May: The Coastal Marshes of Washington State
By Kelsey on May 15, 2015
We have recently returned from our fourth shoot, which started on May 4th with us needing to buy waders. That’s right, waders. As in we were going to be in an area with water and mud instead of dust and rocks. This trip brought us to the coastal marshes of Washington state to follow our first micropaleontologist, Dr. Andrea Hawkes, Assistant Professor of Geology at the University of North Carolina Wilmington into the field.
Dr. Hawkes has some amazing energy about her and managed to recruit the three other women in their group to participate in our project: Dr. Tina Durá, post-doc at Rutgers University; Isabelle Hong, PhD student at Rutgers University; and her own graduate student, Christine Johnson at UNCW. We are so glad she did as they each provided some insightful interviews and some portraits I am feeling confident about (more on that once the film is developed!).
The Pacific Northwest is an incredible place and the coastal areas we were in were absolutely beautiful. The marshes are richly green with rivers meandering through them and tall pines framing them. It was stunning. We were all set to spend two days with the Cascadia 2015 research group (you can follow their #cascadia2015 on twitter) when a frightening forecast of day-long thunderstorms threatened one of our precious shooting days. Thankfully, the weather gods were kind to us as we experienced just a few minutes of rain on Tuesday and were graced with sunshine for the rest of the trip. This afforded us plenty of time to film the scientists in action digging a trench in the muddy marsh wall and taking many core samples from several meters below its grassy surface, as well as prime conditions for conducting interviews and making some bearded portraits. It even allowed us to take a morning drive down the coast to see some of their other potential sites and check out Long Beach. Which was perfect timing as we didn’t want to interfere with the sample collecting the scientists had planned while tide was out that morning.
As I previously mentioned, we needed to be wearing waders. This is some dirty work, the mud of the marshes is sticky and requires a more strategic form of walking. You can’t be timid going into it as hesitation will very likely result in you getting stuck. Being light footed and sliding a bit with each step certainly helps. As a visitor to this field site, I found walking through the mud to be pretty fun, but can also see how it could get old fast. Of this group of scientists, they seem completely undeterred by the force of the mud. Then again, being surrounded by a beautiful landscape while doing what you love most, with a bunch of great people, are all very good motivators.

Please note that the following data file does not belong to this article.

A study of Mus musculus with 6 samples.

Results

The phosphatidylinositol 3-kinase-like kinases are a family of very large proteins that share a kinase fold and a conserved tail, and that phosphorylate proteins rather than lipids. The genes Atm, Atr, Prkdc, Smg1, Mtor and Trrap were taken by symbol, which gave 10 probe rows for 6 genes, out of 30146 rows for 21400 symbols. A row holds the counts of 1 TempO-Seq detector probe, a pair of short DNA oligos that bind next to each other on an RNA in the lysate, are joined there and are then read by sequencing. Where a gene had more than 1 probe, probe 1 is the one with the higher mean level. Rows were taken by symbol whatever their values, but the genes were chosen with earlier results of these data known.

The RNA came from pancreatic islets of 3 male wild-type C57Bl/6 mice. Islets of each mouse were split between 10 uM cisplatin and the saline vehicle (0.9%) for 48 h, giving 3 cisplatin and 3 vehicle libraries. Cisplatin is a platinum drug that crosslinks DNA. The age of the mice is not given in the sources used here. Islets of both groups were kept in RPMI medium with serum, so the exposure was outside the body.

To provide some insight regarding their research, here is my layman’s summary of their fascinating work. Collectively, they are looking at the soil layers of the marshes for evidence of tsunamis that may have affected the Pacific coast throughout the earth’s more recent history (within the past 10,000 years). They do this by taking core samples and within the samples look for different layers of soil and organic matter that indicate some kind of disturbance in the layering, i.e. a tsunami. Ultimately, from this research they hope to have a more comprehensive understanding of the Pacific coast’s history to better prepare the populations currently living there for a potential earthquake and/or tsunami. Pretty amazing.
This was the largest group we have joined in the field and also the first to be male and female. They were a great group with a wonderful dynamic and multiple generations of advisors and advisees working together. At the conclusion of our trip, we were told that our presence had sparked some stimulating and productive conversations regarding gender equality within the geosciences. They also informed us how pleased they were that we didn’t interfere with the research and that we were so independent. Two things we’re always happy to hear.
On another note, this was also our first shoot with a different Director of Photography, Eliana Alvarez, a very talented documentary filmmaker and former teacher of Lexi’s. We had a lot of fun and look forward to working with her again in the future. Check out some of her personal projects by visiting her website elianaalvarez.com. Welcome aboard, Eliana!
We have the month of June off but will be back at in July as we travel to the University Exeter to film Dr. Claire Belcher and her fire lab as well as visit the Mary Annings research site.